Debt management: can utilities balance automation and the human touch?

Jun 3, 2024

Written By

Jon Slade


But what happens when dealing with sensitive issues, such as debt management? Can this be safely delegated to an automated platform, while maintaining a compassionate approach? And are automated tools able to handle the complex, and sometimes bespoke, energy requirements of business customers? 


When automation becomes a necessity

Rising levels of energy debt, together with the need to keep up with continuous market and regulatory changes, mean that efficient automation has become a must for utilities.  

In debt management, for example, manually implementing and monitoring payment plans, managing collection lifecycles, and contacting customers who defaulted on their payment agreements would be simply overwhelming. 

Over-relying on manual tasks without the support of effective tech can impact utilities in several ways. Firstly, the inability to keep up can negatively affect CSAT rates, at a time when utilities in the UK are already experiencing decreased customer satisfaction. 

Putting too much pressure on overstretched teams can also affect staff morale,  leading to high turnover rates and potentially poor levels of service. According to a recent survey by trade union Prospect, more than one in three (34%) professionals working in the energy sector feel overwhelmed or highly stressed most of the time, or even every day. 

Managing customers’ debt without adequate tools can further increase customer agents’ fatigue, resulting in decreased productivity. Of course, this becomes even more challenging when customer agents are working with inflexible or outdated platforms, which don’t support them effectively. 


Automation, done right

Automating routine processes can help energy suppliers overcome these challenges and efficiently manage customer debt. This approach not only facilitates customers in repaying their arrears but also helps utilities maximise recovery, as quickly and seamlessly as possible. 

“Between 2021 and 2022, a significant number of utilities had to stop trading as a result of soaring wholesale costs,” warns ENSEK’s CEO, Jon Slade. “The rising level of energy debt once again poses challenges for energy companies, which must be proactive in finding suitable solutions. In this sense, tech with dedicated debt management functions can be a valuable tool.”

An automated platform with a dedicated debt management module, like Ignition, can help manage collection lifecycles and streamline routine tasks like billing, sending reminders, and payment processing. It can also help ensure that customers are always paying the right amount, stopping debt from accumulating. In time, this can foster greater trust and loyalty from customers too.

Moreover, Ignition's sophisticated insights and analytics can help identify at-risk customers early on, before they fall into debt. This includes data for I&C customers with complex energy requirements, or customers who rely on bespoke managed services.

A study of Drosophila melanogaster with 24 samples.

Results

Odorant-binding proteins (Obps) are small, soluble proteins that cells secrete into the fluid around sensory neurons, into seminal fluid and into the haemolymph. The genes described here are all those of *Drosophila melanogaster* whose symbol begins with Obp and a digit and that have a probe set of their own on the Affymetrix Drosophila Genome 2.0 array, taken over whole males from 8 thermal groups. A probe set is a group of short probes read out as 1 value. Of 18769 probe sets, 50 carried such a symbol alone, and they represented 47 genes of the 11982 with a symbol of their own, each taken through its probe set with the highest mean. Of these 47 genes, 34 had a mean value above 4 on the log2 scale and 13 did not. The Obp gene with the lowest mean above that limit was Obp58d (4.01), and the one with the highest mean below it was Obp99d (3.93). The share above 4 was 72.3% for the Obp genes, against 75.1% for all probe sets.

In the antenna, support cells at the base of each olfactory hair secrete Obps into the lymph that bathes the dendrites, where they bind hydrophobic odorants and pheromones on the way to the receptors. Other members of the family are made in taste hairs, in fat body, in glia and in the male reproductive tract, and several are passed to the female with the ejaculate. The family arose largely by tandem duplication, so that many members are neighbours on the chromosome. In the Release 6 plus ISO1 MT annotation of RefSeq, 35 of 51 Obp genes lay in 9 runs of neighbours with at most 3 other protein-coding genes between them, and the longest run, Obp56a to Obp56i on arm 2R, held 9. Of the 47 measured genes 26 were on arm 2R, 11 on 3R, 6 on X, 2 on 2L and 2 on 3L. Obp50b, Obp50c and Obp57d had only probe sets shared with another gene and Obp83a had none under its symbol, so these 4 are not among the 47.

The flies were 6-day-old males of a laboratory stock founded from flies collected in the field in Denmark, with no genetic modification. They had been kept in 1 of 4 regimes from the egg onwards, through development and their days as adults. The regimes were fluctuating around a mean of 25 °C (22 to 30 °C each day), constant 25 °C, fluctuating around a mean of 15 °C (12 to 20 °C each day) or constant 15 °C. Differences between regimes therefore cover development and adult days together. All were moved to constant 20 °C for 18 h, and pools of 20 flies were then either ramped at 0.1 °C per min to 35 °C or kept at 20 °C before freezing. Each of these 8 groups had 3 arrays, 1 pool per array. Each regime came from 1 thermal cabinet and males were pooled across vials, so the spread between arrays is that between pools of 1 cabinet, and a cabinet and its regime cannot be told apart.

It’s also helpful to implement solutions that automatically ring-fence debt, like Payment Plans and Regular Payment Schemes. These allow customers to manage debt separately from their main accounts. This can help customers take better control of their energy bills, paying back accrued debt while keeping current invoices clear.  

When implemented correctly, automated debt management solutions can maximise efficiency and enhance transparency, preventing queries and complaints. Turning to an experienced energy technology provider can make this a hassle-free process.


Striking a balance

Nevertheless, the human touch remains essential for tailored support or to help customers with complex or bespoke energy needs. For example, human intervention remains necessary to set up a flexible and affordable payment plan tailored to the customer’s circumstances.

To strike a balance, utilities must first of all invest in a tech stack that gives customer agents what they need to solve queries promptly, and ideally at first contact. It’s also important to invest in training. First of all, to ensure agents know how to make the most of automation, but to also equip them with the communication skills they need to manage customer debt compassionately. 

To strike the right balance, it can be helpful to integrate automation with human oversight. A platform like Ignition will flag issues requiring human intervention, such as vulnerable customers, those that have repeatedly defaulted on their payment plans, or customers with complex I&C contracts or bespoke managed services.

There's no easy answer to helping customers out of energy debt. However, with energy debt levels only set to increase, this can also be the ideal time for utilities to question their debt collection processes and implement more flexible and efficient solutions. Rethinking some of these processes will offer the opportunity to future-proof ways of working, gaining and maintaining a significant competitive edge. 


If you would like to know how we can help you improve your debt management processes, book a free 30-min discovery call with our team.

Have a query? Click the link below to get in touch.